Those who think their risk is greater than average may be more likely to accept treatment risks

WEDNESDAY, Dec. 26 (HealthDay News) -- People who believe they are at higher-than-average risk of developing a disease may be more inclined to take a treatment despite the risk of side effects, researchers report in the December issue of Patient Education and Counseling.

Angela Fagerlin, Ph.D., of the University of Michigan in Ann Arbor, and colleagues recruited 249 female visitors to a hospital cafeteria. Participants were read a scenario describing an unnamed pill that could reduce a woman's risk of breast cancer by half but that also produced side effects, which in small percentages of women taking the medication could be serious. All the participants were asked to imagine that their risk of developing breast cancer within five years was 6 percent, but half were told that the average woman's risk is 3 percent, while the other half were told that the average woman's risk is 12 percent.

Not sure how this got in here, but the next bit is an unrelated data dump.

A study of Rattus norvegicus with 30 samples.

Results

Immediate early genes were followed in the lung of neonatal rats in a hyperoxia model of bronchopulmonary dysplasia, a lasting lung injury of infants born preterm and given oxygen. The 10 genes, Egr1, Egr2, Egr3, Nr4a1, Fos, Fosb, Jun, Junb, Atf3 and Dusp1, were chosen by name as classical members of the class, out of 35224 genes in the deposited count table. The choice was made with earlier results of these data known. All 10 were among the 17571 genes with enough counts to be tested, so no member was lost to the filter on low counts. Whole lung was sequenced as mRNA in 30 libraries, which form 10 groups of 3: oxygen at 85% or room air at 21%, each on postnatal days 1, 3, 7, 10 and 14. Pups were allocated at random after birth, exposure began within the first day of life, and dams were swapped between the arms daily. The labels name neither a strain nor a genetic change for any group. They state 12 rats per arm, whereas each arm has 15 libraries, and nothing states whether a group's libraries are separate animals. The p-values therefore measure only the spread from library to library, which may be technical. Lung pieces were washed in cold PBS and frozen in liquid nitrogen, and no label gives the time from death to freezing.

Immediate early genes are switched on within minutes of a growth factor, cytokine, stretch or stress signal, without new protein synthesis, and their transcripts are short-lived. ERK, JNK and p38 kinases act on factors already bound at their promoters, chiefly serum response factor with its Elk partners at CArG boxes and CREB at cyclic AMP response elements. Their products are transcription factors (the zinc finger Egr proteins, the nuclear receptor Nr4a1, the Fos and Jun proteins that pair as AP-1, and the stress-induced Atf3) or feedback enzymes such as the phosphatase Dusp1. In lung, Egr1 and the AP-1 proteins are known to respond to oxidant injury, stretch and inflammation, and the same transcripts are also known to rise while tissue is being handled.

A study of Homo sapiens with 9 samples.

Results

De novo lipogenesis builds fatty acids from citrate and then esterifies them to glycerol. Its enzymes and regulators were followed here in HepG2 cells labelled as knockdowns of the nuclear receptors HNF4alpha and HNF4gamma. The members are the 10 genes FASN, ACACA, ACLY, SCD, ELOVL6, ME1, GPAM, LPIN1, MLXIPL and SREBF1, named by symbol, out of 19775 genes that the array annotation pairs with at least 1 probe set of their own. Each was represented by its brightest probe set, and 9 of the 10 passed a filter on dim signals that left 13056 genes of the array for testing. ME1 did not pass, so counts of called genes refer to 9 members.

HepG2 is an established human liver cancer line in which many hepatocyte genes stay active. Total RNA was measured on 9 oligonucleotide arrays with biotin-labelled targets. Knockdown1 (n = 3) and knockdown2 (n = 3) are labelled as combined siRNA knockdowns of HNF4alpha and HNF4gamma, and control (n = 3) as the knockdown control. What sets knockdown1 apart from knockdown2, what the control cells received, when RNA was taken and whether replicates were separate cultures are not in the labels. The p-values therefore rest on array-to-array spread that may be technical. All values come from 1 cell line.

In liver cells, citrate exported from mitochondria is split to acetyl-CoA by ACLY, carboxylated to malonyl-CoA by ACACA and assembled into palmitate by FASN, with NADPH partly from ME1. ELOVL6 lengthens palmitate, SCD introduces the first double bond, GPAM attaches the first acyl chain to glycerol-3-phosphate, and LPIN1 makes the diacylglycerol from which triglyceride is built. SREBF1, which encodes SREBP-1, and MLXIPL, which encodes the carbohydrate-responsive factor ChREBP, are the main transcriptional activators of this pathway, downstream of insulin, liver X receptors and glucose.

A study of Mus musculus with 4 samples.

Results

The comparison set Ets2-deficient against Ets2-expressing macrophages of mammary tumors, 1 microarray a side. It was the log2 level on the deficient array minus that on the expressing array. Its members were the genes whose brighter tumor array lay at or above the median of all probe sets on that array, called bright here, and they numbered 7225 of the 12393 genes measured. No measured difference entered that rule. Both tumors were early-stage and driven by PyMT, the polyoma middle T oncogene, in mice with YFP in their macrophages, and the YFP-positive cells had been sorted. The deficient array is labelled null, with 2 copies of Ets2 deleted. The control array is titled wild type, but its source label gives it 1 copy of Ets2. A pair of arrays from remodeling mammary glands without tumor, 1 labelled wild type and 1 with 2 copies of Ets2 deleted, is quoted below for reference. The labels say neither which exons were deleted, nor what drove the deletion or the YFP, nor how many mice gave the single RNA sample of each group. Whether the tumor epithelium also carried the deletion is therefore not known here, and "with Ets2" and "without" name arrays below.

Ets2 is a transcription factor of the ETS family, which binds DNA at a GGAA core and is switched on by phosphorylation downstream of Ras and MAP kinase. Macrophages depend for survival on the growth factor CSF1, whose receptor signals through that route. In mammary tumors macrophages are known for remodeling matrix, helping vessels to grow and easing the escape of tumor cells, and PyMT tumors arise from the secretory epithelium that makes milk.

Women who were asked to imagine that they had an above-average risk of breast cancer were more likely than those in the below-average risk group to endorse taking the medication, and more likely to believe that it provided a significant reduction in their risk of breast cancer. More than 60 percent of respondents rated the helpfulness of comparative information as a four or five on a five-point scale.

"When designing decision aids, developers must contemplate the potential implications of providing comparative information to patients and not just include it simply because patients want to see it," the authors conclude.